One push for cutting methane emissions isn’t citing the latest warnings by scientists over melting polar caps or increased wildfires; instead it is appealing directly to the checkbook.
On Tuesday morning, the Center for Methane Emissions Solutions held a Business Roundtable at the Albuquerque Country Club. The small audience gathered to hear the business argument for plugging methane leaks.
Patrick Von Bargen is the executive director of the Center for Methane Emissions Solutions. He introduced three others in the growing methane emission mitigation industry.
“We have lots of dollars worth of methane gas being wasted, not going to the bottom line of oil and gas producers around the country,” Von Bargen told the roundtable in his introductory remarks.
The rest of his remarks spoke to the billions of dollars lost from methane emissions by companies (up to $2 billion) and how natural gas production is set to increase both in the U.S. and globally in the coming years.
No mention of environmental impacts, let alone the phrase “global warming.”
“The economic side of this is what our group knows about,” Von Bargen explained to New Mexico Political Report in a phone interview the day after the roundtable.
Other speakers were from companies in the growing industry.
Brad Risser of FLIR Systems, an optical gas imaging (OGI) company, also spoke about how the technology, which uses infrared cameras to spot gas leaks, makes companies money.
He said that one company does inspections once a month instead of the required quarterly inspections “because it has a financial gain for them.”
The closest someone came to extolling the environmental impacts of methane leaks was Jason Libersky of the Albuquerque-based Quantigy.
“A lot of oil companies don’t realize how much money is being released into the atmosphere,” Libersky said. “You can do good for the environment and make a lot of money.”
Libersky echoed this in a phone conversation the next day.
“Regardless of people’s viewpoints on climate change and those issues, the incentives are there and those deals are aligned, so let’s take advantage,” he said.
Von Bargen characterized the technology as a “win-win” among environmentalists and oil and gas producers. Oil and gas companies would get more money while environmentalists would see less methane gas released into the atmosphere.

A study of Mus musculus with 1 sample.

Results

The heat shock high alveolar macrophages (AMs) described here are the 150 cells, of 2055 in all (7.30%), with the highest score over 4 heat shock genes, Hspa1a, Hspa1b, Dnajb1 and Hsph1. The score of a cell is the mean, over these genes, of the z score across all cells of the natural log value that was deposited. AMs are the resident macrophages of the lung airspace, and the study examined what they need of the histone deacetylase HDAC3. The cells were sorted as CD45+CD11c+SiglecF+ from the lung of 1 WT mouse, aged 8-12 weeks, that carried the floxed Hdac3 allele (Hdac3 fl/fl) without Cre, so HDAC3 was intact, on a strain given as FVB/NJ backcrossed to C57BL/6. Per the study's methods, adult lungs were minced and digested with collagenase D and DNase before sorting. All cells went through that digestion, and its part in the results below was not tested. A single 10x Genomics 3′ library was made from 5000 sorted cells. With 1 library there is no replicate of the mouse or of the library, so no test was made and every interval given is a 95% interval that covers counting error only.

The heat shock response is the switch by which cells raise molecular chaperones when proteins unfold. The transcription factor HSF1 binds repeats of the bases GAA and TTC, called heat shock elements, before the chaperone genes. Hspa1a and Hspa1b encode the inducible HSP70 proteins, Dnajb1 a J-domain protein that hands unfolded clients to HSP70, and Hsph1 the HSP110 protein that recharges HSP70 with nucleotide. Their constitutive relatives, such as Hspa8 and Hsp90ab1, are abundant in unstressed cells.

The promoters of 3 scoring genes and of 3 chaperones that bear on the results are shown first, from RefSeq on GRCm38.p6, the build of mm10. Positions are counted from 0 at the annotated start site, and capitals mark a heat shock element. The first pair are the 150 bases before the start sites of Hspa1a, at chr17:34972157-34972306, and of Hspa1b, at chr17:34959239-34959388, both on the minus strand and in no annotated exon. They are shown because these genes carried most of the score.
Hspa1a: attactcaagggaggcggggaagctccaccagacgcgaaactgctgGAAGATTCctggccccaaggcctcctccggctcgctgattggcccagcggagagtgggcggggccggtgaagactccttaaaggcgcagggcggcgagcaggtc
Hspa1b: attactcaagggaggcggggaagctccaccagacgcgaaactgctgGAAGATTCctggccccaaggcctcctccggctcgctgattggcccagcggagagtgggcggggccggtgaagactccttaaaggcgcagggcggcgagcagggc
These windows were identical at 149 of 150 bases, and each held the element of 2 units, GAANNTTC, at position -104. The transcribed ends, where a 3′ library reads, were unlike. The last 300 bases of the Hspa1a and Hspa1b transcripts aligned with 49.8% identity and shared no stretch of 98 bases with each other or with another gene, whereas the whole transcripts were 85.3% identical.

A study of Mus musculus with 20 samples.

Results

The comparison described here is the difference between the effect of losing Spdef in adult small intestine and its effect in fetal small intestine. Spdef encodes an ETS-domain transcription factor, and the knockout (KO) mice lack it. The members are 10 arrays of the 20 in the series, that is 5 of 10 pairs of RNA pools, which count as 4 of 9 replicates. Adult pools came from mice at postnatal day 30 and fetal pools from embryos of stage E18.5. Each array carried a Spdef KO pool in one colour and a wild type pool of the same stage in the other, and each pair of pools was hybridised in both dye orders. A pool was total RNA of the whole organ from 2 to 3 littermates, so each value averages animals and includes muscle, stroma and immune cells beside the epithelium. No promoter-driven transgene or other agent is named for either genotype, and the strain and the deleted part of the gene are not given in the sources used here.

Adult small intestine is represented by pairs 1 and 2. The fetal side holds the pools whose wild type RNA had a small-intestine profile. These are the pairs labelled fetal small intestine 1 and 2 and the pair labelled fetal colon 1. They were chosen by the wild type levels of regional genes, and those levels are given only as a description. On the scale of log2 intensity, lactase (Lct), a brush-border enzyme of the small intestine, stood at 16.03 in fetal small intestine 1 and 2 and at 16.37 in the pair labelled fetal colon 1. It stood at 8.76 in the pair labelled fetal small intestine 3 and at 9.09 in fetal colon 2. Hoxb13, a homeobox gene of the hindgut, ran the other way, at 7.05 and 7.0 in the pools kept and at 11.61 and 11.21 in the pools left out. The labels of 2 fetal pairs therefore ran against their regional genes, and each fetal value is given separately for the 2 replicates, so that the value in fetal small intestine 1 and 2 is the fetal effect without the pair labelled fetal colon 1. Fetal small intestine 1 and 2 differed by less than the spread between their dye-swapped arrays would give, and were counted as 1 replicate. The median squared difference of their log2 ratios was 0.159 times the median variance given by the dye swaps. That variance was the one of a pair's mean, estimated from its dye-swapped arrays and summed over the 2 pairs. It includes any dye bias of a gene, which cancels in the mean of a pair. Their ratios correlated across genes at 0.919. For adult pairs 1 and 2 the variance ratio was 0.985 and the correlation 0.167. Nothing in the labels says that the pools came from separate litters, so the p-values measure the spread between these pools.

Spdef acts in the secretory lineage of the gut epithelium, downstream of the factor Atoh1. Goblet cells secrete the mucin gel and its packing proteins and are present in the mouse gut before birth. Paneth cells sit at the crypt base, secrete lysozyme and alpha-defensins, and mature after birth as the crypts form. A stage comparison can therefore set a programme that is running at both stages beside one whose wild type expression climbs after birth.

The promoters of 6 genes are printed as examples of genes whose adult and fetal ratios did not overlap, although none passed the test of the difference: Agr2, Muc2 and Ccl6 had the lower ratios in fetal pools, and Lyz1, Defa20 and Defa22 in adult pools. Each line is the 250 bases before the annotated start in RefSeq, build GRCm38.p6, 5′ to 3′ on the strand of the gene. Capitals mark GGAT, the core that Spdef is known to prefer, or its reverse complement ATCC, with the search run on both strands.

But there is a third entity in oil and gas drilling: The government.
Attorney General Hector Balderas recently wrote a letter to Interior Secretary Sally Jewell asking her to address natural gas waste. The letter didn’t ask on environmental grounds, but rather on economic grounds.
Cost-effective technology is available to address the problem, and both industry and states stand to benefit, Balderas said. “As attorney general of one of the states most affected by the venting and flaring rule, I respectfully urge the Department of the Interior to move forward swiftly with a rule to help the people of New Mexico,” he wrote.
Balderas was talking about venting and flaring—different issues than the leaks the roundtable sought to address—but it comes to the same point; state and federal governments are losing out on money with methane that isn’t captured.
Von Bargen said over the phone that the Bureau of Land Management is looking at new rules hoping to stop this.
“They’re really looking closely at, ‘Are they measuring the proceeds from drilling operations on public lands quickly and are the royalties appropriate?’” he said. “I think they’re doing that because the question for the federal government is, ‘Should the federal government be getting more revenue from the public lands they lease from federal regulators?’”
Why haven’t they made the move?
The sales pitches, espousing new technologies from mainly American-based companies that would help oil and gas companies make more money by becoming more efficient, sounds convincing.
But sales pitches are like that, so when a short Q&A session came, some asked why companies weren’t already doing this.
Von Bargen has a theory that the initial investment could scare off oil companies. The companies are making money and so don’t see the need to change anything.
“I think it’s just the inertia of the current way of doing things,” he explained.
Risser said that requirements in many parts of the country don’t allow for use of OGI, but instead a Toxic Vapor Analyzer (Risser refers to these as a TVA, “wand” or “sniffer” almost interchangeably). But when Colorado changed regulations to allow OGI, companies chose that product.
“By far the tool of choice now is OGI,” Risser said.
Jerry Fuentes of Airtek Systems also participated in the roundtable. He said a foreman at a site loved the compression system that would cut costs but was told, “We’re not required to do it, so we’re going to have to pass.”
“Some of the technologies we are talking about are new,” Van Borgen told the roundtable, and said the technologies were “just starting to sink in.”
This wasn’t the only such discussion Van Borgen has had. While he was headed back to Washington D.C., where CMES is based, after the Albuquerque meeting he said he would be traveling to Colorado for a similar roundtable.
He also said that he has had a number of one-on-one discussions over the past few months with policy makers in Washington D.C. as well as state-level officials who are interested in the problem.
Libersky told New Mexico Political Report that he has had similar conversations in the Four Corners area of New Mexico.
“There’s definitely a lively debate going on up there over energy in general,” he said.
But the idea of win-win kept coming through.
“Regardless of people’s viewpoints on climate change and those issues, the incentives are there and those deals are aligned, so let’s take advantage,” Libersky said.